Etymology
Latin, literally "woe to the vanquished," from Livy, "History" V.xlviii.9.
in reference to an electrostatic charge generator, 1934, named for U.S. physicist R.J. van de Graaff (1901-1967).
initialism (acronym) for Victory in Europe, from September 1944 (see victory).
abbreviation of Latin vel similia "or the like, or similar ones."
Medical Latin, from Latin vena "vein" (see vein) + cava, from cavus "hollow" (from PIE root *keue- "to swell," also "vault, hole").

1902, from French, literally "free verse," lines of varying length.

I remarked some years ago, in speaking of vers libre, that 'no vers is libre for the man who wants to do a good job.' The term, which fifty years ago had an exact meaning in relation to the French alexandrine, now means too much to mean anything at all. [T.S. Eliot, introduction to "Selected Poems of Ezra Pound," 1928]

"the order being changed," c. 1600, Latin, from vice, ablative of vicis "a change, alternation, alternate order" (from PIE root *weik- (2) "to bend, to wind") + versa, feminine ablative singular of versus, past participle of vertere "to turn, turn about" (from PIE root *wer- (2) "to turn, bend"). "The phrase has the complete force of a proposition, being as much as to say that upon a transposition of antecedents the consequents are also transposed" [Century Dictionary].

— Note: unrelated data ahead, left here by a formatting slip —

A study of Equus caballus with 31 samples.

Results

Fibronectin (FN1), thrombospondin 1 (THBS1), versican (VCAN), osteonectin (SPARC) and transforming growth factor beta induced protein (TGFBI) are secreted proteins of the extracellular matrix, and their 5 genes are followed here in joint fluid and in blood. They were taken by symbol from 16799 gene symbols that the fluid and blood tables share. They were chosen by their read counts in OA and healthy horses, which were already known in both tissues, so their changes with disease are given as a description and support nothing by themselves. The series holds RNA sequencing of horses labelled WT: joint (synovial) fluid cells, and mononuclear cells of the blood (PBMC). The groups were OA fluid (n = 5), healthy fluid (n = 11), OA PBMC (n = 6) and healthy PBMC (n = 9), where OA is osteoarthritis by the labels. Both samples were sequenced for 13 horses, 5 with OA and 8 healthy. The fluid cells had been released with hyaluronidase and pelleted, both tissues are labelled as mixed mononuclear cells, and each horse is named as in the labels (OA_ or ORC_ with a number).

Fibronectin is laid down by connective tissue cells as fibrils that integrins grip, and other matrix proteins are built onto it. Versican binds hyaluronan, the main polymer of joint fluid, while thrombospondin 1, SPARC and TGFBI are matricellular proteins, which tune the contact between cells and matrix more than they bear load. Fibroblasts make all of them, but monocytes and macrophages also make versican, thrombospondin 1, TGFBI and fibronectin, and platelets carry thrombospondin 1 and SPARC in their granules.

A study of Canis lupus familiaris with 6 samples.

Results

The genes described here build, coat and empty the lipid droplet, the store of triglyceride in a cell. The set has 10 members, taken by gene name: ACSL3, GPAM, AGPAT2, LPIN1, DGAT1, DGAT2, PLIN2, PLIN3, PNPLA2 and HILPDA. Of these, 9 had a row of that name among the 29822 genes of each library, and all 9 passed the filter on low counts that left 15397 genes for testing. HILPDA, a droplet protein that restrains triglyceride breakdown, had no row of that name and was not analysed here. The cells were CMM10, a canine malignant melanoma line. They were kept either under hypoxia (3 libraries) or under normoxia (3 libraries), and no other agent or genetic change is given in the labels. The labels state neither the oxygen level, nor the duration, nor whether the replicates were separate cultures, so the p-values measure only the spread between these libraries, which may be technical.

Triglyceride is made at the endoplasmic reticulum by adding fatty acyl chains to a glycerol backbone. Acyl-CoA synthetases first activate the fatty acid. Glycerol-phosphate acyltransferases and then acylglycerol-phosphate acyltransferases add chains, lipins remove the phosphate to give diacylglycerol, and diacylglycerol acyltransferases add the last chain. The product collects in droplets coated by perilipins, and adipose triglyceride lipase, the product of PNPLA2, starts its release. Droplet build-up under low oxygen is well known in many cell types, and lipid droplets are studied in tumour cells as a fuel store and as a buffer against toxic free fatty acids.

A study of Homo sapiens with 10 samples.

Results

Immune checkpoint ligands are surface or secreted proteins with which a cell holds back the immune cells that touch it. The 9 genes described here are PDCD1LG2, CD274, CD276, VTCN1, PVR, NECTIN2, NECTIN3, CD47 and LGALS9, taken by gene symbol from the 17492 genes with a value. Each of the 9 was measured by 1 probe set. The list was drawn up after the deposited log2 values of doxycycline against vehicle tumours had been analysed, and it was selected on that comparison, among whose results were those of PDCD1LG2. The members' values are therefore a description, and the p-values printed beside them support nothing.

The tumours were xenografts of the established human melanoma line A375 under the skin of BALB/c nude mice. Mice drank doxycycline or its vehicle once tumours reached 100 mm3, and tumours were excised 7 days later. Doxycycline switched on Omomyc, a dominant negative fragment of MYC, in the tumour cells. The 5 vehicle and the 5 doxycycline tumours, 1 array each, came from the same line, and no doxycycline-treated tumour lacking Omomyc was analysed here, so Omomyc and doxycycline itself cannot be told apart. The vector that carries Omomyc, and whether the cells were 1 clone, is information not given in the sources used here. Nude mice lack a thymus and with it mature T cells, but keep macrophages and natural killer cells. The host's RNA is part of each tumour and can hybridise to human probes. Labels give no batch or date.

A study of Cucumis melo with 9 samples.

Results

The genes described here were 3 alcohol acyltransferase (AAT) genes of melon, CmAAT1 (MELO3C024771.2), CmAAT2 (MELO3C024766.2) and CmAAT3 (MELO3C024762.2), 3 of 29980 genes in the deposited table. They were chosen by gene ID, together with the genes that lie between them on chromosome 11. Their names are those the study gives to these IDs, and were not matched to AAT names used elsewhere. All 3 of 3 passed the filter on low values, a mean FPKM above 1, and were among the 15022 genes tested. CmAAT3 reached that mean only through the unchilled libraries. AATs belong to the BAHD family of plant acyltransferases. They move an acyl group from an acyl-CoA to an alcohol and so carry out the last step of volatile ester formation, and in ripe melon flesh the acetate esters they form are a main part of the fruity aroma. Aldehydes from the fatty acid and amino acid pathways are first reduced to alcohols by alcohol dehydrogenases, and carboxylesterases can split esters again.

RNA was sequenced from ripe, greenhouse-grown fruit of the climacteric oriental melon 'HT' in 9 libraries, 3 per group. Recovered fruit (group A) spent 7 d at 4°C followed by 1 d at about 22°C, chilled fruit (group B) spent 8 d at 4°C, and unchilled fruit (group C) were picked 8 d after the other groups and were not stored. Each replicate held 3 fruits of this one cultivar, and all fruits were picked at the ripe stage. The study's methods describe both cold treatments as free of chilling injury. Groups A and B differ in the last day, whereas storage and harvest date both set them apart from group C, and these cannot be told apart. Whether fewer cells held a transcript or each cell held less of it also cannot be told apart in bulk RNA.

"an occasional pastime, an activity other than that for which one is well-known, or at which one excells," 1963, from French, literally "Ingres' violin," from the story that the great painter preferred to play his violin (badly) for visitors instead of showing them his pictures.

Une légende, assez suspecte, prétend que le peintre Ingres état plus fier de son jeu sur le violon, jeu qui était fort ordinaire, que de sa peinture, qui l'avait rendu illustre. [Larousse du XXe Siecle, 1931]
1837, with reference to birth, marriage, death, etc.; meaning "a woman's bust, waist, and hip measurements" is from 1952. See vital.
also viva-voce, "by word of mouth," 1580s, Latin, literally "living-voice," ablative of viva vox.